MONTGOMERY, AL (WSFA) - When Alabama State University hired a retired federal judge at $375 an hour to represent university officials in an ongoing probe, the public university may have violated the terms of an executive order by the governor's office that limits the hourly fees that an arm of the state may pay except under "extraordinary circumstances" that are preapproved.
The executive order was issued in 2010 by former Gov. Bob Riley, but a spokeswoman for Gov. Robert Bentley said this week that it remains in effect and that the governor's legal office considers it to apply to public state universities.
[Document: Executive Order 51, Amendment 1 (.pdf)]
I recently wrote about ASU hiring retired federal judge U.W. Clemon at $375 per hour to provide advice in the ongoing forensic audit of the university. The audit was ordered by Gov. Bentley after the surprised firing of Dr. Joseph Silver as president of the university last year. Silver said his dismissal was a result of his attempting to ask questions about how money and contracts were being handled at the public university.
[Read: ASU hires high profile (and costly) lawyer to defend probe 5/17/13]
The executive order effective since 2010 states that "no legal contracts for any state agency shall exceed a rate of $195 per hour" unless it is approved by the governor.
The executive order further states that hourly rates for attorneys exceeding $195 per hour "will only be approved under extraordinary circumstances" after a written explanation of those circumstances is provided to the governor.
Bentley's spokeswoman Jennifer Ardis said no such exception was sought by ASU to hire Clemon.
An ASU public relations spokesman referred questions about legal fees involved with the ongoing probe to Clemon, but Clemon refused to answer the questions.
Clemon responded to the questions with an email that stated that he was "not inclined at this time to burden my client with additional legal fees generated solely by responding to your continuing requests."
In addition to questions about whether his hourly rate ran afoul of the executive order, I asked the university's public relations office several other questions. Spokesman Ken Mullinax responded that the questions "need to be directed to our attorney, Judge Clemon."
Clemon, in turn, declined to answer the following questions:
-- Have other outside attorneys been engaged to represent ASU in the ongoing forensic audit, and what are their names and hourly fees?
-- How much to date has Judge Clemon billed ASU, and what was the date of the earliest billing?
-- If any indictments or criminal charges are brought against ASU administrators, does the university intend to pay for their legal representation?
Again, no response to what I consider to be valid questions regarding public information to which Alabama taxpayers deserve answers.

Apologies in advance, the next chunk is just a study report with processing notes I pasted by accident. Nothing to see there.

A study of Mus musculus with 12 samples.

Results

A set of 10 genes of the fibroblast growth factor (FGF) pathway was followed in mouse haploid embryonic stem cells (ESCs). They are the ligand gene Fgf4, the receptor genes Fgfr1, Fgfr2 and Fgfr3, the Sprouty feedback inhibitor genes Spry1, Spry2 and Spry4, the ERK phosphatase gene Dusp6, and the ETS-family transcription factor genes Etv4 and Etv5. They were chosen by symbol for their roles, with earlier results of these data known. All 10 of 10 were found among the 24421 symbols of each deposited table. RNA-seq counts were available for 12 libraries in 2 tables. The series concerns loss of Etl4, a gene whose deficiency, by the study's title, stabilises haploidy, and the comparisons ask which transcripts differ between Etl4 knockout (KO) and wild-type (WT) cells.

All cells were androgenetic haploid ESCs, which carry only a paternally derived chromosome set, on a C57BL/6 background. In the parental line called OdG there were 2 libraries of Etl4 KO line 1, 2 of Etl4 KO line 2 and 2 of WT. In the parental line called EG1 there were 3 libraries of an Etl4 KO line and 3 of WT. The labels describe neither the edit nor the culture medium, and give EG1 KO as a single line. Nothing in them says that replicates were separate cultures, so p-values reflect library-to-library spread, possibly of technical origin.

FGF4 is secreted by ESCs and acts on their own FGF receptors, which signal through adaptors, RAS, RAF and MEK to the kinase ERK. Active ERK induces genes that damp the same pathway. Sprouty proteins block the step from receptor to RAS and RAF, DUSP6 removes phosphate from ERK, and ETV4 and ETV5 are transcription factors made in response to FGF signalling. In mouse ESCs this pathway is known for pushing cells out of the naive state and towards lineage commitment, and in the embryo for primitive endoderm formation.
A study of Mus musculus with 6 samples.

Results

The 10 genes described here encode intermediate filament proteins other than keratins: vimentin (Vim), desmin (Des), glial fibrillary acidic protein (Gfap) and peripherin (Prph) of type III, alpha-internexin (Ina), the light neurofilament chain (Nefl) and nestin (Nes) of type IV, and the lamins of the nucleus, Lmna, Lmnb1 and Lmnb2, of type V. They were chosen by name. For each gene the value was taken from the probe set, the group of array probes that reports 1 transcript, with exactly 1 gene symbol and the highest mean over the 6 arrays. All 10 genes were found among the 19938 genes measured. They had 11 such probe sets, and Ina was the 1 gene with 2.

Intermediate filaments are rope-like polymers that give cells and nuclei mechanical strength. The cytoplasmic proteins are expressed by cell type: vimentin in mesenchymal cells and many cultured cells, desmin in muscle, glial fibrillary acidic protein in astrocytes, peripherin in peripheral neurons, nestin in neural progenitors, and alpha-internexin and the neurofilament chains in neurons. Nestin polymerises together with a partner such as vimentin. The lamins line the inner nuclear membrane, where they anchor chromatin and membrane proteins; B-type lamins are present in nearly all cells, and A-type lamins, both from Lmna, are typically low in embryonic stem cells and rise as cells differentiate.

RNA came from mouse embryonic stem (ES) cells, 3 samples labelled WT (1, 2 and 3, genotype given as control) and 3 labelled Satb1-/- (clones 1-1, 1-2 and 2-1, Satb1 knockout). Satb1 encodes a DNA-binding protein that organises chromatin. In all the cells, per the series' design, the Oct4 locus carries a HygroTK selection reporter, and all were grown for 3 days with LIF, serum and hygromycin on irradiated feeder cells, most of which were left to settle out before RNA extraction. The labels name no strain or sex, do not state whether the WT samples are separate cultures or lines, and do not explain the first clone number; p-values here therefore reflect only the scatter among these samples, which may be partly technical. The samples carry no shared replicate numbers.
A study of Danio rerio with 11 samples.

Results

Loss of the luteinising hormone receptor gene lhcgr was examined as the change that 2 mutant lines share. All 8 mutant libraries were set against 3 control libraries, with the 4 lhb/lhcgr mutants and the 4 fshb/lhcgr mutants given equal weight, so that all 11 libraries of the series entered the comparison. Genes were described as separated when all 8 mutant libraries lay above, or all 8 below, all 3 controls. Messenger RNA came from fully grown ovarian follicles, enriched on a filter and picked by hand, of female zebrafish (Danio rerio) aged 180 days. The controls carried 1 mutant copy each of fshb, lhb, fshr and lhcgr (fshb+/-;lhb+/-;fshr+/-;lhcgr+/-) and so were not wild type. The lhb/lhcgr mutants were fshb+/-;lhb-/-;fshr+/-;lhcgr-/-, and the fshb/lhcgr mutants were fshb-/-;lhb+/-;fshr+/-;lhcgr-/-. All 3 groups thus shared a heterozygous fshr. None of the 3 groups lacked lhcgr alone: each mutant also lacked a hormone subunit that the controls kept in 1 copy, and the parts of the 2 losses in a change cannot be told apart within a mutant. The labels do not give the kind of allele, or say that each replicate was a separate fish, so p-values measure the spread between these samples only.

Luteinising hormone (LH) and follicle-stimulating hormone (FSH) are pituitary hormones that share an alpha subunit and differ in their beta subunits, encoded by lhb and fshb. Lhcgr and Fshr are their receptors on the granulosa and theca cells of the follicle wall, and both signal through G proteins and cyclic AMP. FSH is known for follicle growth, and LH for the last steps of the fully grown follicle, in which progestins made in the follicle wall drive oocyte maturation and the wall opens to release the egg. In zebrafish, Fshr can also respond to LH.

Clemon did say in his email response: "When you have been provided answers by the other Montgomery-based state universities to the similar inquiries, please let me know."
But as far as I know, there are no other state universities that have hired outside attorneys to represent them in an ongoing forensic probe of contracts and other financial information. Nor do I know of any other state universities that bought out their former president's contract with $685,000 in public money after he said he raised questions about the handling of contracts and other financial issues.
ASU's interim president, Dr. William Harris, recently recommended that the ASU board of trustees allow him "to appoint counsel for university officials in their personal and official positions regarding the agreed upon procedures of the forensic audit and certain other investigations."
A source indicates that Clemon already was involved prior to the granting of that authority on May 10, which was the reason for the question involving his earliest billing.
As for Clemon's stated concern not "to burden my client with additional legal fees generated solely by responding to your continuing request," I must note that every one of the questions also went to the university's public relations spokesman, who could have answered them. It was ASU's decision to pay Clemon to respond with what was essentially a non-response.
The bills and payments from attorneys are public records, so it is likely that the state's taxpayers eventually will know what it is costing them for ASU to provide outside legal counsel to administrators during this forensic audit.
But for now, just as with the earlier column, all I can say is for taxpayers to stay tuned.
Ken Hare was a longtime Alabama newspaper editorial writer and editorial page editor who now writes a regular column for WSFA's web site. Email him at email@example.com.